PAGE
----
In recent years, architects and designers have turned to a variety of ingenious solutions that make good use of existing — and not always obvious — space in Europe’s housing-strapped historic city centers. Urban population growth was even the focal point of the 2014 Solar Decathlon Europe in Versailles where many of the competition's 20 participating collegiate teams zeroed in on new modes of innovative and affordable housing geared not for the 'burbs but for busting-out-of-their-seams cities.

Adaptive reuse-minded architects in the vibrant Catalan capital of Barcelona have been particularly busy when it comes to transforming unused/unwanted/unclaimed/unconventional spaces into much-need housing. Most of it, not surprisingly, falls under the “micro” category. While previous schemes in the city have focused largely on attics, basements, garages and other once-undesireable nooks and crannies, Madrid-based developer La Casa por el Tejado (“House on the Roof”) has its sights decidedly set a bit higher ... to Barcelona’s vacant rooftops.

While rooftop urban infill projects aren’t exactly new, the approach is making waves in Barcelona’s bustling, art nouveau-heavy Eixample district where LCT has unveiled its vision of “Penthouse Flats:" prefabricated apartment units that are hoisted up and plunked down on available rooftops via crane. Essentially, LCT adds factory-built “extra floors” to existing Barcelona apartment buildings that havn’t quite reached their allowed height limits.

Reads the LCT website:

In most historical cities, extensions of the old city were developed through sprawling. This meant that the city expanded outward, not upward. In many cases, the projected buildable area of a project was never exhausted and, thus, remains today as potential buildable space right in the city center. We believe the city is a living being that constantly progresses and changes; naturally redesigning the urban center becomes an intrinsic part of this process. As such, we propose a more balanced and sustainable approach to traditional development by taking advantage of the possibilities at-hand.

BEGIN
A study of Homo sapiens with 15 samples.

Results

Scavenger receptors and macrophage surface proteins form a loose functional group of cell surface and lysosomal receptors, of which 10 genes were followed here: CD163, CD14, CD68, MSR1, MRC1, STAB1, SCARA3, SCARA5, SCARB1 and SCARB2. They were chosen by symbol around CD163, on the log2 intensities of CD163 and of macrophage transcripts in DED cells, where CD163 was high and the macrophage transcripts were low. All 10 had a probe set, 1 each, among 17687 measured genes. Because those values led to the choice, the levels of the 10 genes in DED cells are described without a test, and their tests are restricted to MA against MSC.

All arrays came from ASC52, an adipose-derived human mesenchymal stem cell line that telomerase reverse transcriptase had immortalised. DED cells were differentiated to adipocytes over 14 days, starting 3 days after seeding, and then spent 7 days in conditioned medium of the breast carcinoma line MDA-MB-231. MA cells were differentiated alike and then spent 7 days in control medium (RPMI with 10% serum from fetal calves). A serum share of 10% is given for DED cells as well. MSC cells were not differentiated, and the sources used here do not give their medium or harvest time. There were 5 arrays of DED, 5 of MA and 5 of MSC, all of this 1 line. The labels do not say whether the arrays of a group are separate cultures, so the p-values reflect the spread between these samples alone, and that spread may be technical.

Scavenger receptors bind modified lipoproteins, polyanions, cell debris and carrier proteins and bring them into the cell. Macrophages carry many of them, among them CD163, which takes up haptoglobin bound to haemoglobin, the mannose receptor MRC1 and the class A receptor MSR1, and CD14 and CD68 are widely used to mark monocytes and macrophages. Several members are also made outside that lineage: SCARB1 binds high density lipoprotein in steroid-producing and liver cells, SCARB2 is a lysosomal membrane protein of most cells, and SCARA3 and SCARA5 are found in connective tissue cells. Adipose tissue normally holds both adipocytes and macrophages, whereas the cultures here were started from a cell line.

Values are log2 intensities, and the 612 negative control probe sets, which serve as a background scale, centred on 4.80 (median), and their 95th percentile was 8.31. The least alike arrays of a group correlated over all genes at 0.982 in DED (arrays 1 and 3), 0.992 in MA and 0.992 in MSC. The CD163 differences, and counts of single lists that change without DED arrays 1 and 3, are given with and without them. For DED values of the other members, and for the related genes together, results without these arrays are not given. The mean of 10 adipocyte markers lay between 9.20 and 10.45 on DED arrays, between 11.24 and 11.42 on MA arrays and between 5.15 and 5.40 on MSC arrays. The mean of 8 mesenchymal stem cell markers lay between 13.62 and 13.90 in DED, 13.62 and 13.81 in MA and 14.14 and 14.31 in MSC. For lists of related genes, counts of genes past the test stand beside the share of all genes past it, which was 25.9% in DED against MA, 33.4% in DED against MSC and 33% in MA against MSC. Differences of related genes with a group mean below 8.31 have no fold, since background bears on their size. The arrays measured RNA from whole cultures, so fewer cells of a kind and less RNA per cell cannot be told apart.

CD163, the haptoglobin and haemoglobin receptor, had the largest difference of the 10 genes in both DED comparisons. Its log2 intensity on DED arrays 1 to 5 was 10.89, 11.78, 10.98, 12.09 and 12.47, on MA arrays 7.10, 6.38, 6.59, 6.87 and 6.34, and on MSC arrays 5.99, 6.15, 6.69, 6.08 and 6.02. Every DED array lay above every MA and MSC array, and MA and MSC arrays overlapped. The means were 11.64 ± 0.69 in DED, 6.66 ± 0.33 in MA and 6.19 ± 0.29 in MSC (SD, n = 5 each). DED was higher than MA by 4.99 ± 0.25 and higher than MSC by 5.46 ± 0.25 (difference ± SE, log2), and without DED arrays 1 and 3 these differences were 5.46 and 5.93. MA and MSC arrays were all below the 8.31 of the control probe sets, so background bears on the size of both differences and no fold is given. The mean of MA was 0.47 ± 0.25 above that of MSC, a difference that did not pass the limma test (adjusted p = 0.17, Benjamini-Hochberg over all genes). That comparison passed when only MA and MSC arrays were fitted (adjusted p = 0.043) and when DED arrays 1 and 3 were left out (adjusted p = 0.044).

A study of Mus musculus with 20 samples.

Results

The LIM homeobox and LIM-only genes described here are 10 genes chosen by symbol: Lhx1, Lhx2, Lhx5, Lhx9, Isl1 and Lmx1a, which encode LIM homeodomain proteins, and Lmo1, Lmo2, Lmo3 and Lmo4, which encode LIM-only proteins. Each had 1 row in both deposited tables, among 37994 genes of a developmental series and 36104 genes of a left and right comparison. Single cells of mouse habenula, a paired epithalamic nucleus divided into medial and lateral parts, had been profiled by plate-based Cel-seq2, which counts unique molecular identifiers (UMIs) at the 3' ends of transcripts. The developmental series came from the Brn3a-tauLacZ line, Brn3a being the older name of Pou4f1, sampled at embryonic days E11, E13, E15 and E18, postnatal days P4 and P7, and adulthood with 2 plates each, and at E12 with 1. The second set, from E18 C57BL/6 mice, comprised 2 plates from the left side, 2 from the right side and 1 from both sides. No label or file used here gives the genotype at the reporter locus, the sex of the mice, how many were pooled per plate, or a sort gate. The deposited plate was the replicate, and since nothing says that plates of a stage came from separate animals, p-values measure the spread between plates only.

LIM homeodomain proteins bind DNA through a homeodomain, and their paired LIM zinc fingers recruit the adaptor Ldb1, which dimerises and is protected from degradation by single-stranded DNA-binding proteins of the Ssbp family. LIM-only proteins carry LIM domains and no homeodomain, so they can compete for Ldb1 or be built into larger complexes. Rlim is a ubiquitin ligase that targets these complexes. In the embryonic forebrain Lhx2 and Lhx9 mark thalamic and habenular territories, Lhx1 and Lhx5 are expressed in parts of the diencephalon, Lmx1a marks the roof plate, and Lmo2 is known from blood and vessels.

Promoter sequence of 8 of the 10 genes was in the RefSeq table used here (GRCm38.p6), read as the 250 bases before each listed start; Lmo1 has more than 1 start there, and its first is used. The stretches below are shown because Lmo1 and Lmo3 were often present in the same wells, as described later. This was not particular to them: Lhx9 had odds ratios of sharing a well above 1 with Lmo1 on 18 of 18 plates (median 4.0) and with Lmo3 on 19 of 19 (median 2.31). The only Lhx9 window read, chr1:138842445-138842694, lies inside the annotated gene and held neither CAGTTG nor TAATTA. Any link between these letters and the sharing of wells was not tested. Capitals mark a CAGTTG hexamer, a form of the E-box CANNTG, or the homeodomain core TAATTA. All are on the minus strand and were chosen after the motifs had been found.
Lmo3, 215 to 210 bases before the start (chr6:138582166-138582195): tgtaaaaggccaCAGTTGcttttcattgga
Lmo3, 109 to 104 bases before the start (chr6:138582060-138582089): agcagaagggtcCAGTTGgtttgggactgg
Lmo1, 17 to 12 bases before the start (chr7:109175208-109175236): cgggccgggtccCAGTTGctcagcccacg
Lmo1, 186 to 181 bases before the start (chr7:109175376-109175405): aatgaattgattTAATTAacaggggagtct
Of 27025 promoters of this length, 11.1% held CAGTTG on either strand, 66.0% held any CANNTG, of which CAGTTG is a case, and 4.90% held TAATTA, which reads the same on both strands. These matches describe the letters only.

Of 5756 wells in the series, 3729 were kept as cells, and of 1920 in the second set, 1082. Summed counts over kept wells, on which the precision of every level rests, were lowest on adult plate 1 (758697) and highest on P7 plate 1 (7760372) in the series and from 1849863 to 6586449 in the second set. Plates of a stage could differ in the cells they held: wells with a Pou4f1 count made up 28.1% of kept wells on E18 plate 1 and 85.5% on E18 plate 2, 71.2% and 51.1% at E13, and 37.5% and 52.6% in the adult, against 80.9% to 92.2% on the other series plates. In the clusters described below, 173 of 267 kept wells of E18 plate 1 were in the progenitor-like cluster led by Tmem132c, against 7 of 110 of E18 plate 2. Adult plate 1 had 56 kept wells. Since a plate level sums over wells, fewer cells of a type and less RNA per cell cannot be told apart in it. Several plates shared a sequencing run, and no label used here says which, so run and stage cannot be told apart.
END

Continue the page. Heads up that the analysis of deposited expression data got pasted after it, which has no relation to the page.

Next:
As detailed in a freshly released video by faircompanies that includes a snazzy time-lapse view of the install process, LCT simultaneously tackles two distinct undertakings. After acquiring the “air rights” of an existing building that’s structurally fit for a couple of new floors, LCT rehabs and improves it by upgrading utilities, installing an elevator, redoing the façade, etc. These fixes not only prime the building for a rooftop addition but also make it all-around more livable for current residents. Any existing rooftop structures such as storage sheds are removed to allow for a “substitution of weight.”

Meanwhile, at an off-site production factory, LCT begins work on the custom-built modular rooftop additions. Flooring, plumbing and electrical components are all incorporated into the module(s) during the construction process. Furnishings, cabinetry and other fixtures are installed after the penthouse is mounted and secured in place atop its new home.

Joan Artés, manager of LCT, explains the myraid benefits of prefab building in the video: “It’s faster and easier to monitor and we can create more efficient buildings.” He adds: “It’s a totally new vision. We can continue sewing the fabric. We can continue building city on top of the city.”

After the existing building is prepped and the modular units are completed and ready to be loaded and trucked off, the new is fused with the old in an install process that takes little as one day. Voila! A once down-and-out Barcelona apartment building has been reborn with a fabulous new prefab penthouse up top.

Complete with a expansive rooftop terrace that offers stunning city views, one of the penthouses featured in the faircompanies video is composed of 11 individual modules and, in all, measures a palatial 600 square meters spread across two floors — not exactly a micro-apartment by any means. Other additions are much more modest in size including another featured in the video that’s composed of a single module. Whatever the size of the penthouses, the goal behind them is the same: to generate new, high-density housing by harnessing the space above exisiting buildings. This, in turn, avoids the need to build on undeveloped land and create the requisite infrastructure that comes along with new development. It's making do with what you've already got, basically.

Built with healthy, low-impact materials, the prefab penthouses themselves — a solution that boasts “lighter construction, minimal environmental impact and maximum respect for the surrounding area” — are energy-efficient and incorporate smart water management systems (greywater recycling, rainwater harvesting, etc.) along with an array of other sustainable bells and whistles. Perched above the city, the prefab flats obviously enjoy abundant natural daylighting.

And true to their module nature, the units can be moved from one rooftop and be reassembled on another rooftop if need be. Just think of that. Desperate for a change of scenery after a decade or so in the same spot but don’t necessarily want to leave the neighbhorhood entirely? No sweat as your entire apartment can be dissembled and mounted atop the vacant rooftop of another building several blocks away. No more moving houses, just moving rooftops.

Via [faircompanies]


Barcelona's 'Penthouse Flats' limit urban sprawl by building up, not out
In a marriage of modular building and adaptive reuse, one Spanish developer has taken to the rooftops.